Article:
Issue Date: December 9, 2013
Hester Dies At 80
Jackson B. Hester Jr., 80, a prolific medicinal chemist who invented Upjohn’s drugs Xanax and Halcion, died of cancer on Oct. 10.
Born in Norfolk, Va., Hester received a B.S. in chemistry from Massachusetts Institute of Technology in 1955 and a Ph.D. in chemistry from the University of Wisconsin, Madison, in 1960.
Hester then began his long career at Upjohn, investigating the relationship between pharmacological activity and chemical structure in several important classes of compounds. In particular, he focused on the treatment of anxiety and other mental disorders.
He worked to make additions to the compound benzodiazepine that could both increase and modify its biological effects. His research resulted in a new class of compounds, triazolobenzodiazepines. On the basis of this work, he developed Halcion (triazolam), which is used to treat insomnia, and the anxiety medication Xanax (alprazolam).
Later in his career, Hester focused his research on developing treatments for hypertension and ventricular fibrillation. He invented the drug Ibutilide, which is used to treat atrial fibrillation and atrial flutter. Credited with more than 120 patents, Hester retired in 2004 from Pharmacia, which had merged with Upjohn in 1995.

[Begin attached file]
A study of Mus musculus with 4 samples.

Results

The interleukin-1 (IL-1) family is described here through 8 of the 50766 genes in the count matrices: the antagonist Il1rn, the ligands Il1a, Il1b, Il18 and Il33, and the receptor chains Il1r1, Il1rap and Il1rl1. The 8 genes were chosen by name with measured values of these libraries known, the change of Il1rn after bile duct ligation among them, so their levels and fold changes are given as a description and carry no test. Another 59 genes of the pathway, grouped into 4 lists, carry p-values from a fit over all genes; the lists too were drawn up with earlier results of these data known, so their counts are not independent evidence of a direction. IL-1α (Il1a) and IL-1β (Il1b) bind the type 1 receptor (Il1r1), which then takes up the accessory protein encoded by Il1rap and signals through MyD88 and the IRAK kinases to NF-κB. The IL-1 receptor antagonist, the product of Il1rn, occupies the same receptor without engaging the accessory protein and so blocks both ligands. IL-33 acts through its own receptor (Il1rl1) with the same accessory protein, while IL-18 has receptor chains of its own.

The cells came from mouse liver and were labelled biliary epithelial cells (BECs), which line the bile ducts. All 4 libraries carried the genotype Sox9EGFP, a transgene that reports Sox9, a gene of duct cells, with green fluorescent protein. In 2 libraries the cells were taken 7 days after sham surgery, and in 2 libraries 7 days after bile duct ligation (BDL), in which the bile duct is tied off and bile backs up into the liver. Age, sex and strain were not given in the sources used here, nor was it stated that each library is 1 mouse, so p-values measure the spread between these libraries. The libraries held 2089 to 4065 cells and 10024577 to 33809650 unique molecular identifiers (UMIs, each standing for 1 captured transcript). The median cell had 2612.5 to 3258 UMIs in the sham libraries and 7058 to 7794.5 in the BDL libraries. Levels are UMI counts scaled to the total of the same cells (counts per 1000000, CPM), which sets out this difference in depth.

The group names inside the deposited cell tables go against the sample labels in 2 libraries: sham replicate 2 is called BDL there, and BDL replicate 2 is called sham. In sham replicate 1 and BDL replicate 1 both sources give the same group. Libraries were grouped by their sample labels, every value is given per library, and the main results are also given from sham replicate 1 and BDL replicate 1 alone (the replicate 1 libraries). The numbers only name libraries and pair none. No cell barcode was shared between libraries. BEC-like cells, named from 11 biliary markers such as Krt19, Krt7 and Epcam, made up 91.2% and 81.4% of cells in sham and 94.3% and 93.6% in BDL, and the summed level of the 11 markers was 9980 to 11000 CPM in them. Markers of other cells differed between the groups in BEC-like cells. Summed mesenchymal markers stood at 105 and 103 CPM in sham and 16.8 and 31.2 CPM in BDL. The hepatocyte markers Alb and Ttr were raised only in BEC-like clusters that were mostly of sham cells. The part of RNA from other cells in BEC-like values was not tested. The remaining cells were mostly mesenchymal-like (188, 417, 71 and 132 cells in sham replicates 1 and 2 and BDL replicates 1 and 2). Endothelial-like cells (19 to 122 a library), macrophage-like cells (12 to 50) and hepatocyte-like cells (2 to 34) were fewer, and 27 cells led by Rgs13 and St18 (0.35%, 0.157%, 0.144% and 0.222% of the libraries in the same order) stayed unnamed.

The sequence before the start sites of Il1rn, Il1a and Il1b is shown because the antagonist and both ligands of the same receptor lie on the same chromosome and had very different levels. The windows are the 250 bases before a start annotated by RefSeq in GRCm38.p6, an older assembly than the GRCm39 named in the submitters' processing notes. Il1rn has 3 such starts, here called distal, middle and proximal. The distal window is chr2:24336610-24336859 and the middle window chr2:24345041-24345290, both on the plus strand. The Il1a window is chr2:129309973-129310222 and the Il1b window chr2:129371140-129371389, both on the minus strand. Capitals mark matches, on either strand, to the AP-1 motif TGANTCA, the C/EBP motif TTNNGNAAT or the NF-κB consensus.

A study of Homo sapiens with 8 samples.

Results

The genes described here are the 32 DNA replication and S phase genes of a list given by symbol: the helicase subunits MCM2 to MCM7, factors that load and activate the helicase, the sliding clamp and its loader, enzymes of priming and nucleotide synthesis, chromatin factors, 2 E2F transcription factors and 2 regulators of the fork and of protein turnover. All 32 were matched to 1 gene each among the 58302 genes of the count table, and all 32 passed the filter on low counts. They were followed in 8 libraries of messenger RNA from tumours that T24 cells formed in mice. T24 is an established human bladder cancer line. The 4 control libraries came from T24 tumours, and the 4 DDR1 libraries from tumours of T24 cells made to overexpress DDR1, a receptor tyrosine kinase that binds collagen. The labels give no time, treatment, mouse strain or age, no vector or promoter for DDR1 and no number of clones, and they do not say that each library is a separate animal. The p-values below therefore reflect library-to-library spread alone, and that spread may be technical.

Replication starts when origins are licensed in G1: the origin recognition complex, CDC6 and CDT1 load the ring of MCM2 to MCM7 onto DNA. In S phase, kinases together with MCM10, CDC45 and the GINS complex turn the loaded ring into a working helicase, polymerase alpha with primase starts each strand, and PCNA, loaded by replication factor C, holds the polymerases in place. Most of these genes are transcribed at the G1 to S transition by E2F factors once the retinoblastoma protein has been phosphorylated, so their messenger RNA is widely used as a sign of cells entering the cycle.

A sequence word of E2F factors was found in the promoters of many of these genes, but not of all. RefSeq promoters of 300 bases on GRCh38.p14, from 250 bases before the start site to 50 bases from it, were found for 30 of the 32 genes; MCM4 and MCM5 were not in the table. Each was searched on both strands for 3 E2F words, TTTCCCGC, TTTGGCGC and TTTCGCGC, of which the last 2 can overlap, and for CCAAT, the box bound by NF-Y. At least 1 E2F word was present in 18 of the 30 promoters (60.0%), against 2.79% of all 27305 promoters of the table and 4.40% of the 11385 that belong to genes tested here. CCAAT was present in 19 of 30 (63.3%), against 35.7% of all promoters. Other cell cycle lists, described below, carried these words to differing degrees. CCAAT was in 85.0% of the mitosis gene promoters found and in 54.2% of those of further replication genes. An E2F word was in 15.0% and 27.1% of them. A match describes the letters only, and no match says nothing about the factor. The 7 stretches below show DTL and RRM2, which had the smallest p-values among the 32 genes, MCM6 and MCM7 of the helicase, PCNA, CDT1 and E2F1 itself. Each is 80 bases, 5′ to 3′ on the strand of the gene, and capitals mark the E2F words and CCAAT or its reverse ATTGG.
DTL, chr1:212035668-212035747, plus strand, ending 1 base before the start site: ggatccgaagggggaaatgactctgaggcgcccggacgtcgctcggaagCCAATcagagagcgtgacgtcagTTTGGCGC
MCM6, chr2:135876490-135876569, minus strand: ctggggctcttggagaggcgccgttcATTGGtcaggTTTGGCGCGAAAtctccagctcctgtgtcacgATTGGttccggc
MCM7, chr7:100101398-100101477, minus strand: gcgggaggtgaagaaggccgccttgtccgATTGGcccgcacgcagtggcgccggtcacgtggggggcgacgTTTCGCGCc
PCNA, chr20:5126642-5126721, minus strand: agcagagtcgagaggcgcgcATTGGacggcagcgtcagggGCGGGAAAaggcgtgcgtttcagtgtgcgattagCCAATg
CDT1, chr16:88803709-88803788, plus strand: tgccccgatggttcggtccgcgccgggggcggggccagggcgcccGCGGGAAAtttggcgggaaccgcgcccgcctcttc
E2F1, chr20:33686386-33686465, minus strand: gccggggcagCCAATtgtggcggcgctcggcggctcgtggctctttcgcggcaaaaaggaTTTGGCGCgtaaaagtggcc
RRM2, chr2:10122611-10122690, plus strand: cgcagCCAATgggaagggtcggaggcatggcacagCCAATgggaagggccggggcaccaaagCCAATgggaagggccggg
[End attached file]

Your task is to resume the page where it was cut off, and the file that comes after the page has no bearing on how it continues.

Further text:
John McCall, who worked alongside Hester at Upjohn and is now president of his own company, PharMac, says, “Jack Hester was quite amazing in that the compounds that he made tended to be active, selective, and pharmacokinetically acceptable,” meaning they could be absorbed and metabolized. “He succeeded without making thousands of compounds. I think that his great skill was integrating his extensive experiences in chemistry, pharmacology, pharmacokinetics, and safety at the point of compound design,” he adds. “Impressively, Jack remained confident in his ability but humble about his accomplishments.”
Hester’s many accolades include the 1989 Pharmaceutical Manufacturers Association Discoverers Award.
He was an emeritus member of ACS, joining in 1955. Earlier this year, he was named an ACS Loyal Donor, a designation that recognizes those who have made 10 donations in the past decade to help build the foundation of the society’s educational programs.
A quiet gentleman who avoided the limelight, Hester loved being outdoors and cultivated a beautiful garden each summer.
Hester’s wife, Judith, died in 2004. He is survived by his sons, Michael and Matthew, and two grandchildren.